September 2022

By: Dave Kelly, Head of Gluskin Sheff, Onex’ wealth management platform


As any investor can attest, finding robust long-term returns is easier said than done, particularly in times of elevated market volatility. Adding to this challenge is that individual investors may not traditionally have had access to many of the more lucrative alternative investing strategies long favoured by institutional investors such as large banks and pension funds.


Fortunately, this dynamic has begun to change, most recently in private equity. The private investment space has been opening up to U.S. investors over the last few years, but this process has been slower in Canada. However, entry points into private equity are now becoming available for Canadian high-net-worth investors, providing a compelling opportunity to participate in an investment class known for both favourable returns and capital preservation.


From the outside, private equity may seem like a black box, with little information flow compared with public markets. In essence, private equity firms buy significant ownership stakes in businesses with the intention of compounding value according to a business plan and returning cash once investment growth rates slow, sometimes up to a decade or more later.


But unlike an ownership stake purchased on the stock market, private equity investments typically involve purchases of privately-held companies or the purchase of a publicly-held company in order to take it private. It’s a form of investment that requires exhaustive research on the part of the private equity firm, as well as deep industry knowledge coupled with a plan to increase value, significant capital, and the patience to hold investments for several years before realizing a gain.


Because of this, private equity investing isn’t quite as simple as investing in a typical mutual fund. There are minimum investment levels that need to be met and the fees are higher, as this type of investing requires considerable work on the part of the PE firm to research and structure deals.


Adding a private equity component to a portfolio allows accredited investors to participate in a segment that historically has exhibited higher returns than are available in most public market funds. This is because of the multiple levers PE firms have to generate growth from their investments.


Investing in early-stage private companies, for instance, allows investors to participate in a period of growth that tends to be much more rapid than that of more mature companies. Private equity firms are also often able to influence the strategy and direction of their portfolio companies through their significant ownership stakes. They can use their experience to help accelerate growth and transform companies into more appealing acquisition targets.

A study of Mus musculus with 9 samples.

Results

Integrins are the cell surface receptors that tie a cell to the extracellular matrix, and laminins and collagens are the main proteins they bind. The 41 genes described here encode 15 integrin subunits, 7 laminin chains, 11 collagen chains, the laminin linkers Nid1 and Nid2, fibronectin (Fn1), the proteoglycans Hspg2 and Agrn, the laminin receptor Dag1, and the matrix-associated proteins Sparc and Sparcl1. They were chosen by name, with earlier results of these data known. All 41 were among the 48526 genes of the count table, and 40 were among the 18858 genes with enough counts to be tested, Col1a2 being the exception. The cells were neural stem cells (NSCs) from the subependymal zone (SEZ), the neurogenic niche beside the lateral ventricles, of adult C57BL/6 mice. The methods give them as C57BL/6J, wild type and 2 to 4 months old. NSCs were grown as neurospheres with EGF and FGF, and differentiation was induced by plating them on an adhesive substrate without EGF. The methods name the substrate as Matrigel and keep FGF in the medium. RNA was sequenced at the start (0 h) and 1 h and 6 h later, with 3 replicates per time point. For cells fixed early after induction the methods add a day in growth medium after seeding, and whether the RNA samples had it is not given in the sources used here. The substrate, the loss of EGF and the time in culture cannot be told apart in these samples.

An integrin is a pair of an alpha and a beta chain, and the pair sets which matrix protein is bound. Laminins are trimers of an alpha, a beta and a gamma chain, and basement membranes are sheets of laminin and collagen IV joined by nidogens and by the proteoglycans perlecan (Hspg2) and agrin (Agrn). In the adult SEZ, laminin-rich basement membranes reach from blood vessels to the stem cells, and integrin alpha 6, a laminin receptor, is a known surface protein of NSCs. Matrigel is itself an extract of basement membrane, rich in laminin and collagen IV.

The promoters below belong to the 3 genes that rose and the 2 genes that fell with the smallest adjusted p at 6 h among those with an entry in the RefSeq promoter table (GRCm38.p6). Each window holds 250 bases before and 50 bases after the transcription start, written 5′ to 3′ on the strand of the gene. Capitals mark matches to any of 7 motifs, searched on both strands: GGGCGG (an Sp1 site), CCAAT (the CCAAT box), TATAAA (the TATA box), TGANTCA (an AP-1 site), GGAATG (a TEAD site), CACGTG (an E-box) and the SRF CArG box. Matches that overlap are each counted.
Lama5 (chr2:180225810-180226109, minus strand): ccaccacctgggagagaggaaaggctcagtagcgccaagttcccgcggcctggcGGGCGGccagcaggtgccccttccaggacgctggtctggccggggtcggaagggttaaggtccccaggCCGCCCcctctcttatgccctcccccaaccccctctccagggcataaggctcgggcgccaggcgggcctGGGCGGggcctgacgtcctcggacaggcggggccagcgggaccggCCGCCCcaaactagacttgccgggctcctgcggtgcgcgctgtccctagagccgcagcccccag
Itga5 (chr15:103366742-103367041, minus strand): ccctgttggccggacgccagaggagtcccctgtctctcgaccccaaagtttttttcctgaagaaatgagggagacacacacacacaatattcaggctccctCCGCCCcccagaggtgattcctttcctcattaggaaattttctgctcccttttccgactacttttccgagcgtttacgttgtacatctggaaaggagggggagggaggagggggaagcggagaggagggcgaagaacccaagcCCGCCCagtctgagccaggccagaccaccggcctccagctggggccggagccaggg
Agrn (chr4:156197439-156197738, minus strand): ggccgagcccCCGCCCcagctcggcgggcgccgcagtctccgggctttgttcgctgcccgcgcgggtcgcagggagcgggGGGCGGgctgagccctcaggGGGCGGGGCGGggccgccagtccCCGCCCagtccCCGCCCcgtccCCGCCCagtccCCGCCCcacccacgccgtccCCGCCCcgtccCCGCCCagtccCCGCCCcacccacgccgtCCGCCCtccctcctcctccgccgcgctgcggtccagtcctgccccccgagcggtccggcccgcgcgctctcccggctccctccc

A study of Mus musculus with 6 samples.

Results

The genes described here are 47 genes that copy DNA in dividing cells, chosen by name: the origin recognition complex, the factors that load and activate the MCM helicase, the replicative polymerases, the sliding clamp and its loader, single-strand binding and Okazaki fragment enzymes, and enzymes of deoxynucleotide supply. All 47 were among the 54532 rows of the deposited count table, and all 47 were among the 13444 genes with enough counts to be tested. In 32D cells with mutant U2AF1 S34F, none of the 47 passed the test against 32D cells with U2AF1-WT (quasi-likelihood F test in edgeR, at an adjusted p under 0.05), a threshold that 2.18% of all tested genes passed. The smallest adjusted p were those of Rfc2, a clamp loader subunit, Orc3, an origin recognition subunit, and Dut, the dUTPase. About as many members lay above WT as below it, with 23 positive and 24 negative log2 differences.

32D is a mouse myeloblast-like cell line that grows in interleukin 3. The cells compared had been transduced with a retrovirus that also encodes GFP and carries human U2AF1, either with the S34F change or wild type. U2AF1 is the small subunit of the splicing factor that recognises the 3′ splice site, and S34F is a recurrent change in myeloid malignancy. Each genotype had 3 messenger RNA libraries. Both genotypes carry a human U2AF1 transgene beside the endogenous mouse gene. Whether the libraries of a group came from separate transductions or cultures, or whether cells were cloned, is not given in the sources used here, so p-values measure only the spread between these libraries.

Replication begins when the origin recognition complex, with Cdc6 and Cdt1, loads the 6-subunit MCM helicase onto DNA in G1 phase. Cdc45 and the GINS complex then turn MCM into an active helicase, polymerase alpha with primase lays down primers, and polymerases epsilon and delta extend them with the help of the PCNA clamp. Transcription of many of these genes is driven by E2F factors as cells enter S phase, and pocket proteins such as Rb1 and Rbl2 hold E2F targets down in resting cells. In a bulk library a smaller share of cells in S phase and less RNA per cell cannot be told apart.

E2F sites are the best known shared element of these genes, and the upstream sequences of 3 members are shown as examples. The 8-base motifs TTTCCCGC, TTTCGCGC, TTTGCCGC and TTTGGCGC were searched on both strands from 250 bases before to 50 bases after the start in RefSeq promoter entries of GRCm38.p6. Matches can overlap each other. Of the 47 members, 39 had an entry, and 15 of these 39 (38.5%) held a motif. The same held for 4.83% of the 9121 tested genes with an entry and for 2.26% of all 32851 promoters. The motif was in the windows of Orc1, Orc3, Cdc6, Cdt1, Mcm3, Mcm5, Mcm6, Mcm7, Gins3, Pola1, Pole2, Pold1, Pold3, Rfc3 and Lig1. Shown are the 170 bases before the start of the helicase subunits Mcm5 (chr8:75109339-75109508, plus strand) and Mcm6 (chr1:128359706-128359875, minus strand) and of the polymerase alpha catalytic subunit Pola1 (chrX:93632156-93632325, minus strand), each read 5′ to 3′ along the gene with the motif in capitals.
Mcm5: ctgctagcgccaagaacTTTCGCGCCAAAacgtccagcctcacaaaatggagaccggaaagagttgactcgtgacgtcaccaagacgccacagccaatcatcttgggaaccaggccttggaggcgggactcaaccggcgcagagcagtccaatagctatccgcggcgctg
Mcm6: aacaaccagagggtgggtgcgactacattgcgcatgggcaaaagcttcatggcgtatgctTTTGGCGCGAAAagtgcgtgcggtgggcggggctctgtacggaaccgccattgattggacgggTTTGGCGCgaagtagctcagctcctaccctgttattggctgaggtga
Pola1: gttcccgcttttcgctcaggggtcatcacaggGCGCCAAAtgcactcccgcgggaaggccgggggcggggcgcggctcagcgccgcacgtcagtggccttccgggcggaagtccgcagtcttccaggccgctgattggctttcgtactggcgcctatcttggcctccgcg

Through their ability to obtain and prudently manage debt to finance company purchases, private equity firms can also further expand equity return rates for investors.

As a result, private equity funds tend to target higher long-term returns compared to those of a typical public equity fund. Private equity may also offer a return profile that is generally not correlated to public securities, an aspect that is particularly appealing in the current climate of turbulent financial markets.


The increased access to private equity comes as many companies are staying private for longer periods than in the past, delaying their entry to public markets. This has led to a balloon in demand for private funding and means that the typically faster-pace growth that companies experience in their early years is increasingly staying in the private sphere.


However, there are rules and risks specific to private equity investing that investors need to take into account. Perhaps the most significant risk is that investors usually must commit to an investment holding period of several years, often a decade or more. This is so the manager can find the best opportunities, acquire the stakes, build value, and then find an appropriate time to exit the investments, ideally after substantial appreciation. This is not a risk familiar to public market investors who are used to being able to sell a position in a matter of hours or days.


Because of the long hold times, private equity is only appropriate for investors who will not need access to the funds for several years. There are minimum standards for investible assets that prospective investors must meet. As I noted earlier, there is also a higher fee structure than a traditional mutual fund to reflect the more hands-on approach taken by the manager.


If you’re thinking this is a complicated space in which to operate, you’re right. It’s also one that has grown significantly since private equity firm Onex Corp—Gluskin Sheff’s parent company—was founded in 1984. For Canadian accredited retail investors, this is still a new frontier, and the access points are limited. Key to success is finding a private equity fund manager with experience and a proven track record in private equity, as well as a policy of committing their own funds to the investment pool so that interests are aligned.


Ultimately, investors should weigh the pros and cons of incorporating private equity into their portfolios. With the right private equity firm, one that understands how to construct and run a private equity fund, there is now potential for individual investors to realize institutional-level returns, while also participating in the growth of the next generation of great companies.